Saturday, January 23, 2016

Why do we do it?

Sometimes that's what we are asked… 

It's a lot of work this whole duck hunting thing.  Especially on the East Coast.  Especially with close to 80 degree days in December.  Especially on public land.

When it's too damn hot, when you sweat through your clothes, when you've got to swat mosquitos every other second, only to leave every inch of exposed skin dotted like you've got chicken pox.

Or when it's cold, real cold, a ducky cold, ice on the decoys and freezing spray on the boat's gunwale cold, when you can barely feel the tips of your fingers.  And then, after all that, the birds just don't want to work, it sometimes seems like a whole lot of too much trouble.  Is it worth the not-enough-sleep, the  early wake ups, all the burned gasoline?

But we keep on going, keep on trudging through the muck.  It's in our blood, the sporting traditions of the South.  We do it to be outside, at peace, with good dogs and good friends, friends we don't see enough. It's an escape, a momentary glimpse into a place where life's good and simple, and everything is clear as a mountain stream.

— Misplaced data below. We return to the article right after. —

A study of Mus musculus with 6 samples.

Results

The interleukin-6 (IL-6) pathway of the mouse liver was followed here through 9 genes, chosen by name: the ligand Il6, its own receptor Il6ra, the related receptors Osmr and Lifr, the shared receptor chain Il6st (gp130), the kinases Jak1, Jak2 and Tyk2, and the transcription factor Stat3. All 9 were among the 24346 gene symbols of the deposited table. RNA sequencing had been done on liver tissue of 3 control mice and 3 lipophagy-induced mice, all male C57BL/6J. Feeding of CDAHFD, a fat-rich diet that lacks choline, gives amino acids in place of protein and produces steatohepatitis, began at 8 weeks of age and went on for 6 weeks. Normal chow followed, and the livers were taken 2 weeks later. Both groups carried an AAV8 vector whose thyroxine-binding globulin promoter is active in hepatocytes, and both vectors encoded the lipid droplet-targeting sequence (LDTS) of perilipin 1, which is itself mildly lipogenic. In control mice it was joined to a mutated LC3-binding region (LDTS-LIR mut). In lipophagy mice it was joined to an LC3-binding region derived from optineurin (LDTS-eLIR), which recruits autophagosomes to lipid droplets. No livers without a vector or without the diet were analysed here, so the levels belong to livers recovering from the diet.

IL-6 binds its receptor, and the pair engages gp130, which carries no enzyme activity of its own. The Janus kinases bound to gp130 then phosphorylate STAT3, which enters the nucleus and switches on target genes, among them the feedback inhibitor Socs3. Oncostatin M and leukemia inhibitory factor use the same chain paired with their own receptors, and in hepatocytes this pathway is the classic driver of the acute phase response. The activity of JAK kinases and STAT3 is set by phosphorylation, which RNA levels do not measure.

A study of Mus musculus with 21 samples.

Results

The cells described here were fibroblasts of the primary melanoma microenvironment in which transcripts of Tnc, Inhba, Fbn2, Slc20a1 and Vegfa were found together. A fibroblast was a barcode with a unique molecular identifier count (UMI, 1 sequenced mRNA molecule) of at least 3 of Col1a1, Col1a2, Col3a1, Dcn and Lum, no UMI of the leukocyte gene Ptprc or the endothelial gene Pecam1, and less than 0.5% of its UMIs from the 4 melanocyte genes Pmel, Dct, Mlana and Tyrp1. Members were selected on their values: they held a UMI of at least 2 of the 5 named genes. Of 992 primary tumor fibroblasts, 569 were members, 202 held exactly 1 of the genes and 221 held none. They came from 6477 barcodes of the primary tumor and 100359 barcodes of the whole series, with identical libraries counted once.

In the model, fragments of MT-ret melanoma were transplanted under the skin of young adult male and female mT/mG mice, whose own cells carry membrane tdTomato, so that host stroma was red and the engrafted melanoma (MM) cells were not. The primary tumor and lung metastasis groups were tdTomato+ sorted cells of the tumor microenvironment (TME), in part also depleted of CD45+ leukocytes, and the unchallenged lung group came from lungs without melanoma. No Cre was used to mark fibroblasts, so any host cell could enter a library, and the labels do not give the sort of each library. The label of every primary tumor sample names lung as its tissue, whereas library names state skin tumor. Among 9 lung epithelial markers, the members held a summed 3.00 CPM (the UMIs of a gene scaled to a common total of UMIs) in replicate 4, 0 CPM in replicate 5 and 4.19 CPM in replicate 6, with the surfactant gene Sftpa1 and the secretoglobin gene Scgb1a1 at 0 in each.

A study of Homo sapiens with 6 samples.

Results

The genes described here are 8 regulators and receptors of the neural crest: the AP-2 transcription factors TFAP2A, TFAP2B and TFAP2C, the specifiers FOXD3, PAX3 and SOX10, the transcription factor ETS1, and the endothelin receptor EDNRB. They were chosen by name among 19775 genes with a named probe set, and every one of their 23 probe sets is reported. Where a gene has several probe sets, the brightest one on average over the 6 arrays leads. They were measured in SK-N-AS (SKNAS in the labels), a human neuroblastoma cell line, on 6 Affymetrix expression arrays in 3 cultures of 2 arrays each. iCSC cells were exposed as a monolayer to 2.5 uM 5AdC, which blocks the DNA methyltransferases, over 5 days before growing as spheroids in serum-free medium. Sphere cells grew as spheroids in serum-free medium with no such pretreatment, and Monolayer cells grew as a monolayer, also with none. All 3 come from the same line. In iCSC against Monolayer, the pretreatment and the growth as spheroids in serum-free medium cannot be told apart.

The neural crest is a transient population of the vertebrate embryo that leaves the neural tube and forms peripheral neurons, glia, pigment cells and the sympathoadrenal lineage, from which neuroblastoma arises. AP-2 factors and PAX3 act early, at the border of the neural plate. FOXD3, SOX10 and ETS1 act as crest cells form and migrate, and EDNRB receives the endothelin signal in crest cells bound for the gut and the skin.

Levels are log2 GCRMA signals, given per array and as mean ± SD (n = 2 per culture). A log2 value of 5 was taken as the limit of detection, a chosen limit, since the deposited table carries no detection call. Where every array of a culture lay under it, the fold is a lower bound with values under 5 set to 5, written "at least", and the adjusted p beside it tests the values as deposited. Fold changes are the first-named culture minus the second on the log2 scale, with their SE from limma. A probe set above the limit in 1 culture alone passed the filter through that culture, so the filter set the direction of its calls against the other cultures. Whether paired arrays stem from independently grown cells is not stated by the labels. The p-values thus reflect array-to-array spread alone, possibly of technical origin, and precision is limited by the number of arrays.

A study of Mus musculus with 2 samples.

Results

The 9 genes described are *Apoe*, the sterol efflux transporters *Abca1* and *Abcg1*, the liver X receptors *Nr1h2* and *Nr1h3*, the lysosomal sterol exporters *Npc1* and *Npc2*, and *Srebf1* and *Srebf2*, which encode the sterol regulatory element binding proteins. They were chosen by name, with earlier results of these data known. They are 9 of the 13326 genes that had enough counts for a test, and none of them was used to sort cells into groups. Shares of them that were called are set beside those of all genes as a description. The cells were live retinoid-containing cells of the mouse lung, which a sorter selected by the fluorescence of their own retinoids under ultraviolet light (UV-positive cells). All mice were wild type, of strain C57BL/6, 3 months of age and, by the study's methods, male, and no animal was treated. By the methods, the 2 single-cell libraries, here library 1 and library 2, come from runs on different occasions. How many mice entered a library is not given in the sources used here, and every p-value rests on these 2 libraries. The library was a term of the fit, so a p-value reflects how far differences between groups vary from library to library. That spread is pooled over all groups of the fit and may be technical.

Sitting around the fire the night before, sipping on some bourbon, shucking a Pamlico oyster or two… things can't get much better than that, staring out into the crisp dark, the flat fields stretching on and on, that's when I know.

And sometimes, when all the factors mesh together just right, when there's thick fog and spitting rain and a cool breeze, I really know.  A reward of a healthy pile of ducks sure makes it all worth it.

But at the end of the day, in total truthfulness, I would be damn happy out there, out with some good buddies, without any ducks at all.  Believe it or not.